Worm World

As well as learning about the world around us, we've also been learning about the world of worms this week! I recently picked up a Worm World from a local charity shop and Jenson spotted it in his home ed cupboard. He has shown great enthusiasm and is excited to have them as his new 'pets'!

First job was to fill Worm World with layers of varying material. Ideally you want to use different coloured layers so you can see how the worms mix the soil, but we used what we had available. Because we used brandling earthworms, (found in compost heaps) we alternated between compost, soil and dead leaves. 

Jenson then poured two cups of water into his Worm World to make the tunnelling materials nice and damp. 

Next task was to find the worms. We had a good dig around in our compost and filled a whole bowl up in just a few minutes. Jenson loved feeling them wriggle and slither in his hands. 

Jenson then placed all the worms into his Worm World and secured the lid. When not looking at the worms, it is best to use the shade cover provided, this protects the worms from daylight, which they do not like.

Jenson needs to keep the material damp and needs to feed the worms every so often with vegetable waste we might normally throw on our compost. We can also shred up old newspaper and use that. Here he is feeding the worms some old carrot peelings.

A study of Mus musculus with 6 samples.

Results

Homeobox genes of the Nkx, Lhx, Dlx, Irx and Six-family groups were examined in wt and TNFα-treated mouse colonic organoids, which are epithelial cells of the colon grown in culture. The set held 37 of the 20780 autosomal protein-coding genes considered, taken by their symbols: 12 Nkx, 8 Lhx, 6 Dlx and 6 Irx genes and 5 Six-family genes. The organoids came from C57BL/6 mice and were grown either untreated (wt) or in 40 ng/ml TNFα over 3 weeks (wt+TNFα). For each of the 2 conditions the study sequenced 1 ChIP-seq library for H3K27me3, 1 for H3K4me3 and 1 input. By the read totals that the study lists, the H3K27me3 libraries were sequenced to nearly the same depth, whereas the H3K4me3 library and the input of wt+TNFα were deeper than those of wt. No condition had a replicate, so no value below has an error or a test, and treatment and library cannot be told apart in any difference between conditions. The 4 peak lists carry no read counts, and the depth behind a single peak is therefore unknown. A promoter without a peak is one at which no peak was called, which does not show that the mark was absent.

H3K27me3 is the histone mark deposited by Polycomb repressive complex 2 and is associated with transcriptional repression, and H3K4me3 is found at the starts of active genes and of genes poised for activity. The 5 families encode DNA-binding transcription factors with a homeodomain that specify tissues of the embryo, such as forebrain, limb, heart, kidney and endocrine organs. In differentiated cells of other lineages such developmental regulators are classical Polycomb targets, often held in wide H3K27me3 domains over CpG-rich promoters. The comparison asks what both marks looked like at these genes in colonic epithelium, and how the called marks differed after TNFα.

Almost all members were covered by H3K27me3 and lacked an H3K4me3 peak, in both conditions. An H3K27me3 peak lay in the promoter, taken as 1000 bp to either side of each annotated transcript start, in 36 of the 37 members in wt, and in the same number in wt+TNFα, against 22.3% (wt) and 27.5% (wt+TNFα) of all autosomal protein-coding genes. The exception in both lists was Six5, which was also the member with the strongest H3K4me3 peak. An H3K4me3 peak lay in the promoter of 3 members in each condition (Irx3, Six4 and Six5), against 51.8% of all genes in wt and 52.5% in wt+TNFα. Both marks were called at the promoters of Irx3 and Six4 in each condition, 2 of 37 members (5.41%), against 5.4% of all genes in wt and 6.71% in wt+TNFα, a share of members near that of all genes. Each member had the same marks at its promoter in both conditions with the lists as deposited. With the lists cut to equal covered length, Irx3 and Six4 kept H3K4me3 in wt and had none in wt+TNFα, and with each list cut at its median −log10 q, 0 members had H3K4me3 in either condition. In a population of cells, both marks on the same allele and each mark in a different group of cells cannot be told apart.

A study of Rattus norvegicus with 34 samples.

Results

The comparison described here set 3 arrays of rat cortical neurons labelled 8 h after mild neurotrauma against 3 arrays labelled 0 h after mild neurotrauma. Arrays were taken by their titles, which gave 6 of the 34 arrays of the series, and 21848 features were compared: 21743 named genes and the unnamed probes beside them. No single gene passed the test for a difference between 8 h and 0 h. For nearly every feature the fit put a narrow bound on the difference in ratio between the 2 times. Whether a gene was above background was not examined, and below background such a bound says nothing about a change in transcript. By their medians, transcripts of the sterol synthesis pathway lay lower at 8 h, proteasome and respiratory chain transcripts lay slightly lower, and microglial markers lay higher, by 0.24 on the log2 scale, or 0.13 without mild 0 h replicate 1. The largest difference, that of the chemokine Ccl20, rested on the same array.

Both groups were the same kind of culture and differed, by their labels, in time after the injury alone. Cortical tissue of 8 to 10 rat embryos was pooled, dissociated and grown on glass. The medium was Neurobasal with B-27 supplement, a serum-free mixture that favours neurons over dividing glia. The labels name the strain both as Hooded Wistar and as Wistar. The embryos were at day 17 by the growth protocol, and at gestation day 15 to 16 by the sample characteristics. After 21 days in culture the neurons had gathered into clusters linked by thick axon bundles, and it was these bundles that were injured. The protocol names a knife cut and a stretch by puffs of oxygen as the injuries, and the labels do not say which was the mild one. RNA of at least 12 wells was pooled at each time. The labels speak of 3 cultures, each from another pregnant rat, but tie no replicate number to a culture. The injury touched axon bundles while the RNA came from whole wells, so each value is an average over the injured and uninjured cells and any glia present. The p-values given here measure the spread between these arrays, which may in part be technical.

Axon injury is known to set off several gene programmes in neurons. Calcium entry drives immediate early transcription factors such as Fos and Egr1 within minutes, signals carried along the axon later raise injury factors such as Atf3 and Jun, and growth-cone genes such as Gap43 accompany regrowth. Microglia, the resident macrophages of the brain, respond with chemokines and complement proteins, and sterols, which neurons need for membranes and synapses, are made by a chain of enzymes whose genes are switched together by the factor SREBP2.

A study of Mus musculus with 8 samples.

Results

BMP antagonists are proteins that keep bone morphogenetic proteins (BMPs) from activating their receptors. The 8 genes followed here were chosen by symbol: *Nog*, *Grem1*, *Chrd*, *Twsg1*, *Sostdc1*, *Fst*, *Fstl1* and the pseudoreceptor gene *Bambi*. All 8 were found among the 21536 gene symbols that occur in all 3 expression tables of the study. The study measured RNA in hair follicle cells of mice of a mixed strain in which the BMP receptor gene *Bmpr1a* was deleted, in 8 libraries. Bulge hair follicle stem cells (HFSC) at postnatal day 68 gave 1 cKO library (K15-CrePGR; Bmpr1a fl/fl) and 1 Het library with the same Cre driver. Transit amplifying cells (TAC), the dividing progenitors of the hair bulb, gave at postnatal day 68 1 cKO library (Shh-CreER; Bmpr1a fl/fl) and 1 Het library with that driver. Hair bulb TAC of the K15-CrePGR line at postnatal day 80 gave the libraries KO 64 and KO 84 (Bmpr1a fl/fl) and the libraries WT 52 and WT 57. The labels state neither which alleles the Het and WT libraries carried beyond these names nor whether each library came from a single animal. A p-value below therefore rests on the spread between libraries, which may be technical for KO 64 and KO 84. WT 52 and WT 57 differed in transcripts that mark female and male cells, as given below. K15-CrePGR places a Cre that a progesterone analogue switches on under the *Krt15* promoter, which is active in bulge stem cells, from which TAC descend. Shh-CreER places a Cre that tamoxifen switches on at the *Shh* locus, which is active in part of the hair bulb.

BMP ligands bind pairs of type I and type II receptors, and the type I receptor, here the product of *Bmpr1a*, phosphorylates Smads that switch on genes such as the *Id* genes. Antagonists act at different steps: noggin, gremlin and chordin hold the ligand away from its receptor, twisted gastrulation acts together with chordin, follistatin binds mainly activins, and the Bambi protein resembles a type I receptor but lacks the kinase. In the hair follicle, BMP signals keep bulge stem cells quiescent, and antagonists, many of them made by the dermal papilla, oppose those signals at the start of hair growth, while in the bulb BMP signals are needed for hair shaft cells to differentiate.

After we settled the worms into their new home, we sat down together and read through the little booklet that came in the pack. It was ever so informative and answered all of the questions that Jenson asked, such as can worms see, how do worms breathe and how long do worms live for? It was lovely to see him so interested and to hear him ask such good questions. 

Here are some things we learnt:

There are over 3000 different kinds of earthworm, many of which are very small. However in Australia there is a giant species that can grow to over 3m in length! 

Charles Darwin estimated that each year earthworms bring between 8 to 10 tons of soil to the surface per acre of land, (about 15 tons per football pitch.)

Earthworms have no lungs but they do need oxygen, which is absorbed through tiny pores in their skin. 

An earthworm cannot see as it has no eyes. It also can't hear or smell. The earthworm however is extremely sensitive to vibrations in the soil and thus avoids danger. Earthworms can tell when it is raining by the vibrations of rain drops on the soil and may move to the surface when they 'feel' it is raining. 

Worms live for 2 years.

Worms contribute enormously to the well being of our planet. Their lifestyle creates conditions that makes soil fertile, helping plants grow strong and healthy, which in turn supports an abundance of wildlife.

The tunnelling action of a worm aerates the soil. Air is essential in the decomposition process of dead plants which provide essential nutrients for living plants.  

The worm's tunnels ensure water soaks deep into the ground, instead of running away, which provides a precious source of moisture for plant roots, and helps to stop soil drying out and turning to dust.

As a worm feeds, its digestive juices help release nutrients that plants feed on. They also constantly move soil from deep underground to the surface providing essential nutrients and minerals to keep plants healthy. 

A worm does not live if it is cut in two.